PLEASANTON -- Near the end of summer, Kip Van Horn was about to turn 10. Before he could begin the countdown to his birthday or going back to school; Kip had his eyes on the sky, a mission to accomplish first.
While others his age would be getting excited to count their age on all fingers, Kip was counting his goals in feet -- 14,162 of them to be exact.
Kip, a fourth-grader at Vintage Hills Elementary School in Pleasanton, on July 29 became one of the youngest people in recent memory to climb Mount Shasta, the second-largest mountain in the Cascade Range, falling short of Mount Rainier's 14,411-foot peak elevation by only 249 feet.
While 9 is already considered young for a budding mountaineer, this was also not Kip's first time hitting the Shasta trail, according to his father and climbing partner Kim Van Horn. Kip first tackled Mount Shasta at the age of 6, and would do so four more times before reaching its peak three years later.
"We wanted to progress him into it," Van Horn said of Kip's first Shasta climb in 2009. "We didn't want to put him through vigorous training."
Given how early Kip was exposed to the mountaineering lifestyle, one could say that this progression began in his infancy. Born into a family of outdoor enthusiasts, one of Kip's earliest memories involves being nestled inside a backpack as his father hiked Fremont's Mission Peak. Kip acknowledges, though, that he was so young at the time that this memory may be based only in photographs.
"I took him in my backpack to the cables at Half Dome," Van Horn remembers. "We slept at the base with him roped into the pack."
Van Horn, who himself has summited Mount Shasta 26 times since 1989, says that in the wake of exposing his son to the outdoors from infancy, he first saw a "gift" in Kip when he was only 5.
"We took him up Sawtooth Peak in Sequoia National Park, and the second his feet hit the ground he took off and didn't stop," Van Horn said -- a momentum that snowballed into Kip's Shasta ventures.
"His first time was about getting used to the altitude, balance and just being in the elements," Van Horn said. "The next time," he said grinning, "he literally ran up the mountain for an hour-and-a-half."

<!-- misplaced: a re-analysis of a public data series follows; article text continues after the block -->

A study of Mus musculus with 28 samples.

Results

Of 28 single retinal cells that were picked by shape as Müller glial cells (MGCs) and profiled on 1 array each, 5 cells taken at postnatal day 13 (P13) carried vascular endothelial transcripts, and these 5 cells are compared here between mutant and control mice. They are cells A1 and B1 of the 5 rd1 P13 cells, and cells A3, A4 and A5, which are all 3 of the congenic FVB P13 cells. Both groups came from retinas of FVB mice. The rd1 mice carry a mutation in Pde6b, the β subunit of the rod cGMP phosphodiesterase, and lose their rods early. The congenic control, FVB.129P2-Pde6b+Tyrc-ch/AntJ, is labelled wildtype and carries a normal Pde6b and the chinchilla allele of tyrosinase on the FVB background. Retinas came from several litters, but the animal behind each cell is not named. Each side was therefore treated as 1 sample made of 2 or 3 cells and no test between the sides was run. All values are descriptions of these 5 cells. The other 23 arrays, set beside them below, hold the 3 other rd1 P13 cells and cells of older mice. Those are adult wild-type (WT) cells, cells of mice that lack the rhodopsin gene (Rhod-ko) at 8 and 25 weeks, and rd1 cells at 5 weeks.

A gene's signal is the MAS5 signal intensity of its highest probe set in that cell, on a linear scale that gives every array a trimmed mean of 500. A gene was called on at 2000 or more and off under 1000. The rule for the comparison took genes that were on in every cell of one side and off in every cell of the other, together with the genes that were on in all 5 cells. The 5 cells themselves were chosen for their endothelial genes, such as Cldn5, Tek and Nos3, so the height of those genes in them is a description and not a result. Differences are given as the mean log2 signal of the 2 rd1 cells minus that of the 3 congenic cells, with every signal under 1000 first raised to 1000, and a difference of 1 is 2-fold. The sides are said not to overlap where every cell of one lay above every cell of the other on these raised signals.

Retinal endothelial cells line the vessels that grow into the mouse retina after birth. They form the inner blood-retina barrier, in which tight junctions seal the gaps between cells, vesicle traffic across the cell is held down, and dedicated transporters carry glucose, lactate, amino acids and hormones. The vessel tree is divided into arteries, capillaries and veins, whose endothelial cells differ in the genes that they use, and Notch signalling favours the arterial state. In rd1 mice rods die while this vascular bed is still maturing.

A catalyst to Kip's hunger for the summit came later that year, when he got to meet experienced climber and former Mount Shasta Forest Ranger Dan Towner, who has summited Shasta 259 times to date. Towner posed for a photo with Kip, giving him a physical reminder of an encounter that helped inspire Kip to reach for the top.
Kip would try twice more before the final venture, nearly getting spooked out of the goal over Father's Day Weekend in 2011. Kip was 8 and had made it just above the Red Banks, about 12,800 feet in elevation on the steepest side of the trail, when a whiteout took hold of the Van Horns' camp and forced them to abandon their fourth attempt.
"We were in the middle of the heart (about 12,800 feet in elevation) when it got really, really windy, and we heard about a guy who got blown down the mountain," Kip remembers. "Our tent blew down the mountain, too."
Missing that 2011 target only fueled Kip's hunger, driving him back to the mountain in late July of this year, at the tail-end of the Shasta climbing season.
The Van Horns first hiked to Lake Helen, the base camp where they had stayed overnight four times before, and set up camp at 10,400 feet. The two embarked on their fifth attempt just after 5 the next morning and reached the summit by 10:30 a.m., completing the climb in five hours and 20 minutes.
While the average person would be in awe of the young boy's accomplishment, even the most seasoned mountaineers and forest service experts are quick to acknowledge its rarity.
"We don't see a lot of young kids on Shasta and we definitely don't see a lot of 9-year-olds," said Kai Allen, Recreation Program Manager for the U.S. Forest Service at Mount Shasta. "It is definitely unusual to see a 9-year-old summit the mountain."
About 10,000 people attempt to summit Mount Shasta annually, with about a 50 percent success rate, Allen said. And of those approximately 5,000 climbers, only a handful of them are younger than 18.
While conquering the summit may seem like the realization of the ultimate goal, the Van Horns are far from being done with Shasta, they say.
"The goal for next year is to hike the north side, the Hotlum Bolam route," Van Horn said. "There's a progression in learning. But in order to keep growing, Kip has to enjoy it as much as he has been."
And judging by the glow on Kip's face as he beams at the ice ax in his hands, the young mountaineer has thousands upon thousands of feet left to conquer.
Contact Erin Ivie at 925-847-2122. Follow her at Twitter.com/erin_ivie.